By Brett Eastwick
I have been asked many times if it is harder being a parent to a child who has autism. It is not an easy question to answer. Having the perspective of raising children who are more typically developing and functioning, you would think it would be easy to determine how difficult or easy it is. It just isn’t.
There are areas that, of course, are easier. Communication stands out as a major area that is easier as a parent (until they become teenagers, that is. After that, good luck). Being able to communicate directly and effectively makes life easier for your child and you. Simple things like hearing “I’m hungry,” “I’m thirsty,” or “I’m happy” allow those around a child to take care of his needs and wants. Now, imagine not having that ability. Imagine that part of your brain being shut off, or only able to speak French around people who do not, or, perhaps even worse, being mute. And your hands won’t move. That is what it can be like for a person with autism.
Teaching a child how to communicate is, to say the least, a challenge. I have learners find echoics, whether just words or phrases, difficult to repeat or even aversive. Prolonged eye contact may also be a challenge for them. So much time and effort may result in being just as frustrating for both parties. I have asked myself, “Why can’t I teach my son to speak?” He can make sounds, imitate them, show you a person or item if you ask him to do so. Why can’t he speak?? The answer is easy. He has autism. He is unable to communicate the same way I do, the same way his mother and siblings do. The solution then, is clear. We have to learn how to communicate in a way in which HE is able to learn.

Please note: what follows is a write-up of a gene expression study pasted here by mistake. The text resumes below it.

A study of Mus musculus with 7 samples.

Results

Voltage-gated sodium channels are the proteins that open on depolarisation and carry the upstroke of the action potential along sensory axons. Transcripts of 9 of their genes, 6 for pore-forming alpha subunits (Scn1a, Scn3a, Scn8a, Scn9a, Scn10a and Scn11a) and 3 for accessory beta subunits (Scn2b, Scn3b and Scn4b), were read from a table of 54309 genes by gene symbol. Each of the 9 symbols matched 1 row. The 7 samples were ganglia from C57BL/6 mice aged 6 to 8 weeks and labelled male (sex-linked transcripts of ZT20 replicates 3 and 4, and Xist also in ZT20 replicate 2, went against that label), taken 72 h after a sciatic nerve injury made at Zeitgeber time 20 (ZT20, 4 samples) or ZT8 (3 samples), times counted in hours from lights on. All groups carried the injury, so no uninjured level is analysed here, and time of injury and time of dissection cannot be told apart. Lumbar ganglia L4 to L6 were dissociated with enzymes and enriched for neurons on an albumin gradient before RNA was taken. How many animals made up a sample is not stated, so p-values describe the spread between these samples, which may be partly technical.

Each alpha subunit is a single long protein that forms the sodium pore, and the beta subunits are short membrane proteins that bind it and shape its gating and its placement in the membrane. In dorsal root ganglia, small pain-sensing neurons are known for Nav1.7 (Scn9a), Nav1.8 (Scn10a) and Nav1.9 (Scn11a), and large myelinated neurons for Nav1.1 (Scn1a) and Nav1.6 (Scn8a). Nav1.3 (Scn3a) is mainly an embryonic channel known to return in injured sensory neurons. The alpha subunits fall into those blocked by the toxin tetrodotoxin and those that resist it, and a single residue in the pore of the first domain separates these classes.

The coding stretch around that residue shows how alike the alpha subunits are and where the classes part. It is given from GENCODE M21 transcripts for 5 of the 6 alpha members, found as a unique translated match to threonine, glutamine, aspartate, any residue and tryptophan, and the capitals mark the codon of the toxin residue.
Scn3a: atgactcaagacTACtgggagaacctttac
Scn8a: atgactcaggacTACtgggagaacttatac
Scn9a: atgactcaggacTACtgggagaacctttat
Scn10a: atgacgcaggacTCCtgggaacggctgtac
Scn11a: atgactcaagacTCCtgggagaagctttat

My son, Wyatt, uses ASL(American Sign Language)to make and maintain contact with the verbal world. It is what allows those around him to access his world. ASL is as real a language as English, Spanish or any spoken language. This is what he was able to learn to communicate with us. Why wouldn’t we use it to communicate with him? Some people ask me if I wish Wyatt could speak, if I wish he could just say, “I love you, Dad.” He does that every day. His hands are graceful and fluent. His communication is direct. Wyatt means what he says. Sign language allows his means of communication to be all that much more effective.
Brett is a therapist at Little Star Center.